The Internet of Things gives solutions providers an expanded opportunity. It enables them to grow into the role of their customers’ single, trusted advisor and manager of all IT systems and solutions inside — and outside — of the office.
Len DiCostanzo, senior VP of community and business development for Autotask and former managed services provider (MSP), points out, “There is a tremendous opportunity out there.” To capitalize on this opportunity, solutions providers will have to do what they’ve always done — connect things through a network. The Internet of Things, however, means MSPs now need to create solutions to support their customers’ business objectives not only with technology at the office, but also with technology necessary to manage mobile devices and remote users.
IT research and advisory company Gartner estimates the Internet of Things will total 26 billion devices connected to the Internet by 2020, generating revenue of more than $300 billion from products and services — with Gartner adding, “mostly in services.” In “The Impact of the Internet of Things on Data Centers,” Gartner reports that data from mobile and remote devices — e.g., status or location data — can be analyzed to provide information on performance and efficiency, and, subsequently, to support wise business decision making. This data, sometimes in large volumes, must be accessible and must be protected. Gartner concludes that the growing Internet of Things demands a way to efficiently manage these systems. Joe Skorupa, VP and distinguished analyst at Gartner, says, “The enormous number of devices, coupled with the sheer volume, velocity and structure of Internet of Things data, creates challenges, particularly in the areas of security, data, storage management, servers, and the data center network.”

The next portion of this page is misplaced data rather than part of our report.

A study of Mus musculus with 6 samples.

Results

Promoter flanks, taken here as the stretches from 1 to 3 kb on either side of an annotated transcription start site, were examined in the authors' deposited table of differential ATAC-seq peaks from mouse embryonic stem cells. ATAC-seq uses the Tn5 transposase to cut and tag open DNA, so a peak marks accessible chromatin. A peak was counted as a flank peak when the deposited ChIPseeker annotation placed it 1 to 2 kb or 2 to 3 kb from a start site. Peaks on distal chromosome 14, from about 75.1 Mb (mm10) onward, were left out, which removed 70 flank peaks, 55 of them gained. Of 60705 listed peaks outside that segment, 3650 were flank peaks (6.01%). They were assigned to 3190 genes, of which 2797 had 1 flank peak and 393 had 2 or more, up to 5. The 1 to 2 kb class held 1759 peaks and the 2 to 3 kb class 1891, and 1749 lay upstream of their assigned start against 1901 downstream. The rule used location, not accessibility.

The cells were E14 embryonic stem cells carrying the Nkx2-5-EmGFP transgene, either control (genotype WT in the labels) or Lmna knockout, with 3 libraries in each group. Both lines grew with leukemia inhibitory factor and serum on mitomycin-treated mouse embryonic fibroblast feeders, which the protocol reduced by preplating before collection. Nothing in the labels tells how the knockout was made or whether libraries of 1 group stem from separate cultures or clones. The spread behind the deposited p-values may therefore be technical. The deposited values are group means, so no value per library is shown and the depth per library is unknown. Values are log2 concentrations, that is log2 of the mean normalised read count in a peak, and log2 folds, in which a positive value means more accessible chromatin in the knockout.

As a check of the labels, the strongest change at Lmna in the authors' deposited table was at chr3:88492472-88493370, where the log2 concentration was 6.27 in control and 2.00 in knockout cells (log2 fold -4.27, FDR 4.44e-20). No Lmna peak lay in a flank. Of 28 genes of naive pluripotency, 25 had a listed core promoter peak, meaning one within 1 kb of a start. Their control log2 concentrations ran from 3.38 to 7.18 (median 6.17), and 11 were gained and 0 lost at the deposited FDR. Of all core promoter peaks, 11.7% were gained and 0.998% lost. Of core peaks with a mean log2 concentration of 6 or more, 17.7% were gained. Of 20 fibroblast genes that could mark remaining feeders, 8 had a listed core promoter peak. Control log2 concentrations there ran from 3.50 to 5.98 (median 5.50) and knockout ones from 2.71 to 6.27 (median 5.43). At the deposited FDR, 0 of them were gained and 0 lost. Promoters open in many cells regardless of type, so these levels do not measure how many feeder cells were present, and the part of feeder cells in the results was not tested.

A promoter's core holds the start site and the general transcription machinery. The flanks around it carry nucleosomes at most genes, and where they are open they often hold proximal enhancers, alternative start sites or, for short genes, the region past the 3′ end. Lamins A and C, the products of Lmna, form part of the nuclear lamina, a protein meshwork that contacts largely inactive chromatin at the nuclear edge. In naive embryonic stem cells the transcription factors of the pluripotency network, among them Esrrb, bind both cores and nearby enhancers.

Gartner points out the data center will dramatically change: existing data centers are sized for moderate-bandwidth requirements, but with the Internet of Things, massive amounts of small message sensor data will be transferred to the data center for processing, increasing inbound data center bandwidth requirements. Storage capacity also will have to respond to growing volumes of data. In addition, MSPs will find needs specific to the vertical markets with which they work.
Among all the challenges the Internet of Things will bring, says DiCostanzo, “Security has got to be number one.” Recent high-profile data breaches have brought the issue of security to the forefront, and Autotask gauges interest as high. The company’s webinar on Cryptolocker ransomware and roadshows in cooperation with Microsoft on Windows XP end of life for service received overwhelming responses. In addition to technology aimed at security for your customers expanding their networks with Internet of Things devices, he explains that education is crucial. MSPs can reinforce their role as trusted advisor by providing education — lunch and learn, evening seminars, webinars, etc. — to help clients and their employees follow best practices.
DiCostanzo comments that as an MSP, his business partnered to provide security services. Managing all of your clients’ IT systems and solutions related to the Internet of Things could require services beyond your company’s capabilities. The idea of partnering with someone who potentially could compete with you, however, can be a huge hurdle. DiCostanzo uses the analogy of a construction manager who oversees a building project, and uses the services of an HVAC company or a dry wall installer. “You don’t have to do everything. But you have to manage and maintain account control … It’s the difference between ‘competitor’ and ‘relationship,’” He explains.
If your customers are challenged by using new devices and expanding the number of places they call their “offices,” it’s time to look for new opportunities.
Outsourcing and building partnerships through Autotask is one of the topics slated for Autotask Community Live! 2014 in June.